CLAIX (Cluster Aix-la-Chapelle)

picture: Conor Crowe

The RWTH Compute Cluster as part of the JARA partition currently consists of two machine generations organized in two sections (CLAIX-2016 and CLAIX-2018) with two subsections each.

  • In total approximately 150 million core-h (about 36000 EFLOP) per call are available.
  • The minimum volume per proposal is 2.4 million core-h.
    Smaller proposals can be filed using a simplified procedure through IT Center here
  • We currently do not expect any overbooking after the recent installation of new machine capacity.
  • We expect some 20-30 applications.


The following table summarizes the characteristics of the four compute subsections.

Compute subsection

Node characteristics

Available resources per call


2 Intel E5-2650 v4 processors“Broadwell”
(2.2 GHz, 12 cores each)
24 cores per node,
128 GB main memory per node
( ~5 GB main memory per core)

50 million core-h or about 6500 EFLOP

8 Intel E7-8860 v4processors “Broadwell“
(2.2 GHz, 18 cores each)
144 cores per node,
1 TB main memory per node
(~7 GB main memory per core)

4 million core-h or about 500 EFLOP

2 Intel Xeon Platinum 8160 Processors “SkyLake”
(2.1 GHz, 24 cores each)

48 cores per node,
192 GB main memory per node
(~4 GB main memory  per core)

95 million core-h or about 23500 EFLOP

2 Intel Xeon Platinum 8160 Processors “SkyLake”
(2.1 GHz, 24 cores each)
48 cores per node,
192 GB main memory per node
(~4 GB main memory  per core)
2 NVIDIA Tesla V100 GPUs per node coupled with NVLINK
16 GB HBM2 memory per GPU

4 million (host) core-h or about 5500 EFLOP

It is our intention to optimize the overall system throughput and performance as well as fulfill your project’s specific requirements. Therefore, we depend on your input concerning your programs’ characteristic behavior in order to decide which project will be allocated where.
We invite you to apply for a PREP project here in order get access to machines of all sections for experimentation and preparation of your JARA proposals.


Compute requirements
All JARA CLAIX projects will be assigned to either CLAIX-2016-MPI or CLAIX-2018-MPI and jobs will be launched to one of these compute subsubsections by default. In order to direct jobs to any other subsection, you need to adjust the Slurm parameters of your batch job accordingly.
Of course, new machines typically perform better than old machines. We expect an increase in per-core-performance between machines of the CLAIX-2016-MPI subsection on one hand and of the CLAIX-2018-MPI subsection on the other hand of 30%-50%. In order to compensate for this difference in speed the resources, which the JARA commission approves, will be increased by 50% by the IT Center when your project is assigned to CLAIX-2016-MPI.

The difference between the processors of these 2 generations beside the higher core count are major organizational changes in the cache hierarchy (the SkyLake processors implement a 2-D mesh to connect L2 caches, their L3 cache is non-inclusive: data residing in L2 is not replicated in L3) and improvements in their vectorization capabilities: AVX-512.
Whether your application can profit from these new features largely depends on whether it benefits from vectorization, which means, the employment of SIMD instructions. (We point to workshops that have been focusing on vectorization recently.

GPU requirements
A few nodes of the CLAIX-2018 installation are equipped with two NVIDIA Tesla V100 GPUs each. Apart from these GPUs, the CLAIX-2018-GPU nodes have the same properties as the nodes of the CLAIX-2018-MPI subsection.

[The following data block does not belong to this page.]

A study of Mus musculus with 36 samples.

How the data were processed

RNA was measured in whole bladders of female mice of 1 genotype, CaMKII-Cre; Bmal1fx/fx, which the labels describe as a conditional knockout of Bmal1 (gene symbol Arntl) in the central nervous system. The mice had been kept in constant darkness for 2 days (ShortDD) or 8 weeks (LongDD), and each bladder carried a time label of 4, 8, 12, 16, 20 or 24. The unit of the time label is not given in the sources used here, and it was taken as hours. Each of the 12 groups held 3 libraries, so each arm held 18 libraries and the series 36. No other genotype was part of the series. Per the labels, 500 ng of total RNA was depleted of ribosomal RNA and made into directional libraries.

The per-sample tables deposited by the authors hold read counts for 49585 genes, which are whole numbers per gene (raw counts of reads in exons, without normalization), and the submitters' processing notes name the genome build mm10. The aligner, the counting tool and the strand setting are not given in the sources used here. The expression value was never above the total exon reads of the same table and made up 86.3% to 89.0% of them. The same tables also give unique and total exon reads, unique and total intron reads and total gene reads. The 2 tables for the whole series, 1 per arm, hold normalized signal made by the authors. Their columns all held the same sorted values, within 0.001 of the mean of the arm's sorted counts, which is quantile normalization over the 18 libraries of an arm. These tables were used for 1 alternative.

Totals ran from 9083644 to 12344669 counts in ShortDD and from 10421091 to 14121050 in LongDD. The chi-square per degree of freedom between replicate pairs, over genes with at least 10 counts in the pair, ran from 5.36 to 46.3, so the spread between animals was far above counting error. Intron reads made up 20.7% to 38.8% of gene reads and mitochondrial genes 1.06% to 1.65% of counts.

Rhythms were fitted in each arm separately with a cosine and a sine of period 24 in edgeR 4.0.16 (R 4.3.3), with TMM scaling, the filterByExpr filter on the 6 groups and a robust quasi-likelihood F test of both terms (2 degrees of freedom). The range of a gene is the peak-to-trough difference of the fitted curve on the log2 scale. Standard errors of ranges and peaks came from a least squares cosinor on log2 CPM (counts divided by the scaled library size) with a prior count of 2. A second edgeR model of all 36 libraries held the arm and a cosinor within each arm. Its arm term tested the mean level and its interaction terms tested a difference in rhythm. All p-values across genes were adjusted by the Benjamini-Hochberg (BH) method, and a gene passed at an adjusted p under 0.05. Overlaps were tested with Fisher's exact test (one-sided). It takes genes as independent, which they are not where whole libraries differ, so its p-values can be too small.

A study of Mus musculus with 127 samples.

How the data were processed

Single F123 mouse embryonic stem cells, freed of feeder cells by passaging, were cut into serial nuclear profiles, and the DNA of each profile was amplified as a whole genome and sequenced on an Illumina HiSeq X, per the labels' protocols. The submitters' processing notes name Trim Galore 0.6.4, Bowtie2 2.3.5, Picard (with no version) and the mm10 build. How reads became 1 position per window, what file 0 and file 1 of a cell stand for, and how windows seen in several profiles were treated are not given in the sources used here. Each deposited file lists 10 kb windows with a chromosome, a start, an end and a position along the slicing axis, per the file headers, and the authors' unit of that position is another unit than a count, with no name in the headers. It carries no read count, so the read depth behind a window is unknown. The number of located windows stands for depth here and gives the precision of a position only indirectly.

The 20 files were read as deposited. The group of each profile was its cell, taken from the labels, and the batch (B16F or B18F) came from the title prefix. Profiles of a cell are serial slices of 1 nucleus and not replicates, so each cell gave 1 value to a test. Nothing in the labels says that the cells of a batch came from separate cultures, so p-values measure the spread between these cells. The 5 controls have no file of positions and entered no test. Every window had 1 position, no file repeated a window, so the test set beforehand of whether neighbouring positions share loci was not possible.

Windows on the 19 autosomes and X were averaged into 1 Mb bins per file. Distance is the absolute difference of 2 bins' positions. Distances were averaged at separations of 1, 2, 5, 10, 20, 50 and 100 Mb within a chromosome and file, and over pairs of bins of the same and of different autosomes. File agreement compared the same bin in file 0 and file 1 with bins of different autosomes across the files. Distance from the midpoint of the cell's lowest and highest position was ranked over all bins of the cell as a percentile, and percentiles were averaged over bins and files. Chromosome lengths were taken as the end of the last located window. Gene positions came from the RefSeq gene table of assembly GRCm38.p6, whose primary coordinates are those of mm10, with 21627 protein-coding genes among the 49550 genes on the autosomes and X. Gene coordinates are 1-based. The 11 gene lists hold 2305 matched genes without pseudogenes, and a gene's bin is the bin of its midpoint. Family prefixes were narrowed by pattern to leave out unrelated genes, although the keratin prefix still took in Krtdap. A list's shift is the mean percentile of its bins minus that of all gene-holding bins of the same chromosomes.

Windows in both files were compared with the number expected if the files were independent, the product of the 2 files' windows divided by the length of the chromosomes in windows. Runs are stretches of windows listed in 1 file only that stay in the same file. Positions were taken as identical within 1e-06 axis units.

Please be aware that accounting of a GPU node is related to the cores of its host processors. Consequently, occupying two GPUs for one hour is accounted like using 48 host cores for one hour. You have to consider this when specifying the resources for your project, which you plan to consume on these GPU nodes in your project application.

Communication requirements
The nodes of each subsection are connected with the same generation of Intel Omni-Path IB fabric – so the MPI performance will generally not differ a lot. However, because of the higher core count the newer processors can host double the amount of MPI processes and may experience a higher communication pressure.
The connection to the outside world of the new cluster subsections for large data transfers is expected to be much better.

Storage requirements
All CLAIX machines share access to the same HOME and WORK storage servers.
But for higher I/O demands concerning bandwidth and volume there are separate HPCWORK storage servers (Lustre) for the CLAIX-2016-* and CLAIX-2018-* subsections.
All JARA CLAIX projects have access to only one of these Lustre servers.
The later subsections’s Lustre server is expected to provide much more bandwidth and has a higher capacity. So if your project’s applications have a high demand for (parallel) I/O you should express your preference for CLAIX-2018-* machines.
Furthermore, the nodes of the CLAIX-2018-* subsections offer 480 GB of fast storage on SSDs. For parallel applications running on multiple nodes the SSDs of all involved nodes can be linked together to provide a fast parallel ad-hoc temporary filesystem (bgfs on demand / BeeOND).

Large memory requirements
The few nodes of the CLAIX-2016-SMP subsection are available, if there is a requirement for a large amount of main memory per node (between 128/192 GB and 1 TB) or a requirement for a large number of threads per (MPI) process (up to 144) which cannot be fulfilled on the MPI subsections.
Nodes of the CLAIX-2016-SMP subsection also have access to the new Lustre filesystem at a reduced bandwidth.
We ask you to specify the fraction of resources for your project, which you plan to consume on these large memory nodes in your project application.

You find more information about how to use CLAIX here.

For further information, please contact the ServiceDesk of IT Center RWTH Aachen University.